When my cancer was first discovered I had a doctor. Now I have a stable of specialists. One-by-one I’ve been visiting them to make sure my surgical recovery fits into their concerns.
Tuesday it was the oncologist. His one-and-only job is to devise my cancer treatment.
He took out a pad and began to draw a little chart. It is my chemotherapy regimen.
My poison will be Gemzar via IV at Hoag Hospital in Newport Beach. It’s two weeks on, one week off, two weeks on.
He says my chance of nausea is around 5%. I should be able to work.
Next six weeks of radiation five days a week. Just a few minutes a day, but at the hospital. My chance for nausea doubles.
When the radiation is done it’s back to chemo. Hopefully these steps will be enough and I’ll just have to get scans.
Helaine thought the oncologist was very encouraging. This is a vile disease, but I start from a decent place. At the moment I’d test cancer free. With pancreatic cancer that’s a meaningless claim. Gotta stay in front of it.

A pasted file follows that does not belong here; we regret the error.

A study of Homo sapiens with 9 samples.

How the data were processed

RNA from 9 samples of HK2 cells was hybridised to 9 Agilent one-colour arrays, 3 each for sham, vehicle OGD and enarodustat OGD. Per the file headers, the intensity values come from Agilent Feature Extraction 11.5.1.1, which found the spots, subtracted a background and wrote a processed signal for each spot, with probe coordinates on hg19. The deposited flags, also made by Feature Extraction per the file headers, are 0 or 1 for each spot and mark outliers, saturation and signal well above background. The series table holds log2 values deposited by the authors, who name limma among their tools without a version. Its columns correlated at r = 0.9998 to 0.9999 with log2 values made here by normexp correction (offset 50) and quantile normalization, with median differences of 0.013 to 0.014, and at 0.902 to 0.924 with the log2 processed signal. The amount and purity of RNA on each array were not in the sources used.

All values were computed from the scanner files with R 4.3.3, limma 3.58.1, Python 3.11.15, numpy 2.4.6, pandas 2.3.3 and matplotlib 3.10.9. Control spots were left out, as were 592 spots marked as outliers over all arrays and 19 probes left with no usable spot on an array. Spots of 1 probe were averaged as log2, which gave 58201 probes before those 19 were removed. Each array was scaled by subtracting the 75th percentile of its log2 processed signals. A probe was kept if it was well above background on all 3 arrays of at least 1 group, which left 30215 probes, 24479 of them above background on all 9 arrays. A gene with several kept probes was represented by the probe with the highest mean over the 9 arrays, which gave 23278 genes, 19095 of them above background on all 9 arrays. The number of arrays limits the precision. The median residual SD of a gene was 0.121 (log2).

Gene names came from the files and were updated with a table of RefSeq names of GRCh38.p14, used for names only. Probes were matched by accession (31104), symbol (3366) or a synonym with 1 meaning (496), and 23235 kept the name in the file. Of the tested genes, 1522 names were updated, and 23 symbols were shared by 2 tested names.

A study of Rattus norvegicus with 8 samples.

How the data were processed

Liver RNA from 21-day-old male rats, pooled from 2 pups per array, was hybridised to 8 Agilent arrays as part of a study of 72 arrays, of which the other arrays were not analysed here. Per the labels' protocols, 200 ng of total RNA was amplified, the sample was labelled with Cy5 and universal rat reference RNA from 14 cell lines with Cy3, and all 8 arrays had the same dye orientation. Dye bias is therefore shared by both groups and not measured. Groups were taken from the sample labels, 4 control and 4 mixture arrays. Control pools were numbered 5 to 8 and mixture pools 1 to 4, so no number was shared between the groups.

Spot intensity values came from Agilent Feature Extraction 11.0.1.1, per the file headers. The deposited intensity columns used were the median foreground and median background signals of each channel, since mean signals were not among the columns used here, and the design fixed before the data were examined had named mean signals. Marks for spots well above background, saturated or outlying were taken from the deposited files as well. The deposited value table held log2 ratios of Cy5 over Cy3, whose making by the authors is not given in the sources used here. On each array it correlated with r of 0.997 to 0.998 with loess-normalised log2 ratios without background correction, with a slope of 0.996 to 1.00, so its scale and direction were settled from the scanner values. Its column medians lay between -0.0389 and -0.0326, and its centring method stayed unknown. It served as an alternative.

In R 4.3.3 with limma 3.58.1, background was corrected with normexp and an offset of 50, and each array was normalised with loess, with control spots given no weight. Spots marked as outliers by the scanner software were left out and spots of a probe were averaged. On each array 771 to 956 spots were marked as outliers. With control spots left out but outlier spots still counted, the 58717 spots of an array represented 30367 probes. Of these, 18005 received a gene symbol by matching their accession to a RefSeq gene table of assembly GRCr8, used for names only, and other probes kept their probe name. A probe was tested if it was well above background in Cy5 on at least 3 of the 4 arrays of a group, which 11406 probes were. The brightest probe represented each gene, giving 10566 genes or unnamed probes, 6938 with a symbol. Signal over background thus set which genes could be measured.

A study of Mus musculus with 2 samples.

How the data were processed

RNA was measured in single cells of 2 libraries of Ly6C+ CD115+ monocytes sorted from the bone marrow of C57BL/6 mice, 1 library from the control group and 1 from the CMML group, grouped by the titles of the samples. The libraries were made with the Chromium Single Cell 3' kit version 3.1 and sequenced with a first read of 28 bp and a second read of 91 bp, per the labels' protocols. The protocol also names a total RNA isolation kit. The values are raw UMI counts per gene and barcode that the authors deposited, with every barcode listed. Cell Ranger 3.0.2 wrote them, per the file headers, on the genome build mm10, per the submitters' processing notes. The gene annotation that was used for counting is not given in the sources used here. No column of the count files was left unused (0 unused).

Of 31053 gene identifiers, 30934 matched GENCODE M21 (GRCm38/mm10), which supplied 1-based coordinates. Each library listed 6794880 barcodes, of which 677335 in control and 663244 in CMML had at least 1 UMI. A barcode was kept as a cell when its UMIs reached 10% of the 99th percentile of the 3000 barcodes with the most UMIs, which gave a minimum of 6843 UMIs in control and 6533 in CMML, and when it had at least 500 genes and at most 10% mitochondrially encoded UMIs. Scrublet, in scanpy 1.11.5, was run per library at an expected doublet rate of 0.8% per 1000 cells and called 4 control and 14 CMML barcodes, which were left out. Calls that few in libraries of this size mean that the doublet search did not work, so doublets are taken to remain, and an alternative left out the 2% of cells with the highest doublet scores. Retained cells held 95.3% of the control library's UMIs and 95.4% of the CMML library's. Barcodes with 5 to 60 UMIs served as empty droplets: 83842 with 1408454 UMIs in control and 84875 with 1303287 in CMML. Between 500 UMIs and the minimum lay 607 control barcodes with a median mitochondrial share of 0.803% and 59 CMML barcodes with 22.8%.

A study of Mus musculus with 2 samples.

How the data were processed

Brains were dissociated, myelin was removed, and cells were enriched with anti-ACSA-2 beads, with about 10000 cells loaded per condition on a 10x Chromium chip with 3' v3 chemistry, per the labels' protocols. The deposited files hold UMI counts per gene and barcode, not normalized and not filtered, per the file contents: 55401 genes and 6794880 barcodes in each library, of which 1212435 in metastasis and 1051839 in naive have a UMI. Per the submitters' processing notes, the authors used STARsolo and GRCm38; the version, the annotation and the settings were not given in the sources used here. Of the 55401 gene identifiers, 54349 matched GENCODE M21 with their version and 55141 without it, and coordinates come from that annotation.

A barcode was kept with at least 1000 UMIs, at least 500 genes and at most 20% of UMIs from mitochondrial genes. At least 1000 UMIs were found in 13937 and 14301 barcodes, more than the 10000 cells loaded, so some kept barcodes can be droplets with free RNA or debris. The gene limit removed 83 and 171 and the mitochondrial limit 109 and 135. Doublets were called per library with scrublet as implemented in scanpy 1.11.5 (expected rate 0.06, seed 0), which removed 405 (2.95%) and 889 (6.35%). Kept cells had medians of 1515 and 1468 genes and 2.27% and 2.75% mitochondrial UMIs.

Like so much else associated with cancer, treatment is a pain in the ass. Because I’ll be needing lots of blood drawn and IV fluid infused I’m getting a port. One more minor surgical procedure.
A port is a permanent catheter into the major vein to your heart. No more needles, they just plug in to your chest. Am I USB3 compatible?
Nothing about this sounds fun. Thankfully, I’ll be in twilight during the procedure.
Cardiologist next. This was simpler.
My EKG looked good. A roving stethoscope found I sounded good. Blood pressure, oxygenation and pulse good. She adjusted one medication and sent me on my way. See you in six months. The appointment’s already made.
Cancer has turned into a second job.